Seeing Usage Results In Lower UsageCase studies of submetering, for both residential and commercial tenants, found reductions in usage of 15% to almost 30%. The most often cited study, relevant to residential submetering, was performed by the New York Energy Research and Development Authority (NYSERDA). A free copy of the "Residential Electric Submetering Manual" may be downloaded at: www.submeteronline.com/code/history_f.html (skip forward to the fifth slide). This 1986 study (updated in 2001) examined several installations of submeters in New York City, where power prices are among the highest in the nation. It found usage reductions of 18% to 26%. Similar studies for commercial tenants (in much lower-cost Canada) found similar results. Find them at: www.qmeters.com/case_office_complex.pdf. To be fair, a critique of submetering (lacking any supporting case studies), may be found at www.lowincomeenergy.ca/A55AB4/lien.nsf/All/DOMT-6C3UFQ.
...But There Could Be A FlipsideSubmetering generally means that a master building meter and single account exist, and submeters are used to divide up the bill for that single account. But many buildings lack master metering, instead having separate meters (and accounts) for each tenant plus one or more meters (and one account) for common areas and the central plant.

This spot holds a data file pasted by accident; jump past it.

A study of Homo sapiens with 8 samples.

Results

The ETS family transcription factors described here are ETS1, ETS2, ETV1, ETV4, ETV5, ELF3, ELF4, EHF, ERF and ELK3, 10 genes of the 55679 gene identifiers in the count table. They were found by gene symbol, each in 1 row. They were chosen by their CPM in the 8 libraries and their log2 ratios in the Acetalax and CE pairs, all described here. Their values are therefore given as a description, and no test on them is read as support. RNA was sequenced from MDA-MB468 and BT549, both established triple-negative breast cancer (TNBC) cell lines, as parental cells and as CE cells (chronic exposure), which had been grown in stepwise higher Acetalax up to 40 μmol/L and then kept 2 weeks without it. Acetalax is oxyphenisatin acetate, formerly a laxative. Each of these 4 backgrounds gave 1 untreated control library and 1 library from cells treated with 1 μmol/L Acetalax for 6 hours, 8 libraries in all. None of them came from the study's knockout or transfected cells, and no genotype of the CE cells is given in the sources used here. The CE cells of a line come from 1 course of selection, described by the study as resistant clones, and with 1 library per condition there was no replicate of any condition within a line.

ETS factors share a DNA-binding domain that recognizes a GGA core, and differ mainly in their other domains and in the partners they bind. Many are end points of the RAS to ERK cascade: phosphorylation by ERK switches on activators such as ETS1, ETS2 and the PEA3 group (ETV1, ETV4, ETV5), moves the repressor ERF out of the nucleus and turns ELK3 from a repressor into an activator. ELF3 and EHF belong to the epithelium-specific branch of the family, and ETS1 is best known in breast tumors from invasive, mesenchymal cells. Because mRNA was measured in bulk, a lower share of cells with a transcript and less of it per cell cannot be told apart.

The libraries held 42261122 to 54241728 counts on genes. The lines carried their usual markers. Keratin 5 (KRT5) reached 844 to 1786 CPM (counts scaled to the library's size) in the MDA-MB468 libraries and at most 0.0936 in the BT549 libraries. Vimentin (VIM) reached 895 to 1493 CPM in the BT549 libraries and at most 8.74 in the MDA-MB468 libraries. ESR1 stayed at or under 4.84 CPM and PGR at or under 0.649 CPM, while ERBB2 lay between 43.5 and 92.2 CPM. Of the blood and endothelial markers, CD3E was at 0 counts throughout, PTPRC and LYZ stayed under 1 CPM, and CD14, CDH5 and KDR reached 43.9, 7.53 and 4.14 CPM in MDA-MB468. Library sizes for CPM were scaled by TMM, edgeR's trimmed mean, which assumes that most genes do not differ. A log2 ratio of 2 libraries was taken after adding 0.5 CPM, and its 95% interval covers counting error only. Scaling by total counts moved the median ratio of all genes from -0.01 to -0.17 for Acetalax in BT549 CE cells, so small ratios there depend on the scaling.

Most small commercial electrical accounts (e.g., less than about 10 kW) are billed only on consumption. Electromechanical meters used to measure such usage do not separately measure demand. When utilities develop load projections for service classes lacking demand metering, they statistically sample customer usage patterns to determine typical demands based on usage patterns. Fixed costs (such as to build and replace power plants, transmission lines, etc.) are then allocated among customers through that demand calculation. For a large group of customers, such a methodology generally results in a fair estimate. But for a subgroup that may have differing usage characteristics (e.g., seasonal, major night usage), an assumed demand based solely on consumption could end up overcharging for that demand component.
In a former apartment building having over 100 small commercial accounts, an analysis using temporary master metering found that the total coincident peak demand of apartments converted to offices was significantly lower than the sum of the assumed demands (which were determined using the utility's statistical formulae) for those accounts. Each account was also subject to a monthly fee to cover billing and metering (the "basic service charge"). The sum of those service charges was several times that of a single master account (and meter). Once the assumed demand component was deleted from the average cost (exclusive of the service charges) for power, the standard commercial rate was found to be slightly lower than that of small commercial accounts. Taken together, these differences yielded significant potential savings - and a one- to two-year payback period to shift to a master meter.
But the potential savings didn't stop there. Studies of the cost to process an invoice - receive it, log it, verify it, pay it, mail the check - found an average cost of $5 to $10. Eliminating over 100 monthly invoices saved enough to defray the cost of a new meter and part of the engineering involved in its installation. While the exact savings from a reduction in Accounts Payable work may be difficult to quantify (it could, for example, result merely in longer coffee breaks), it is likely to be much greater than zero.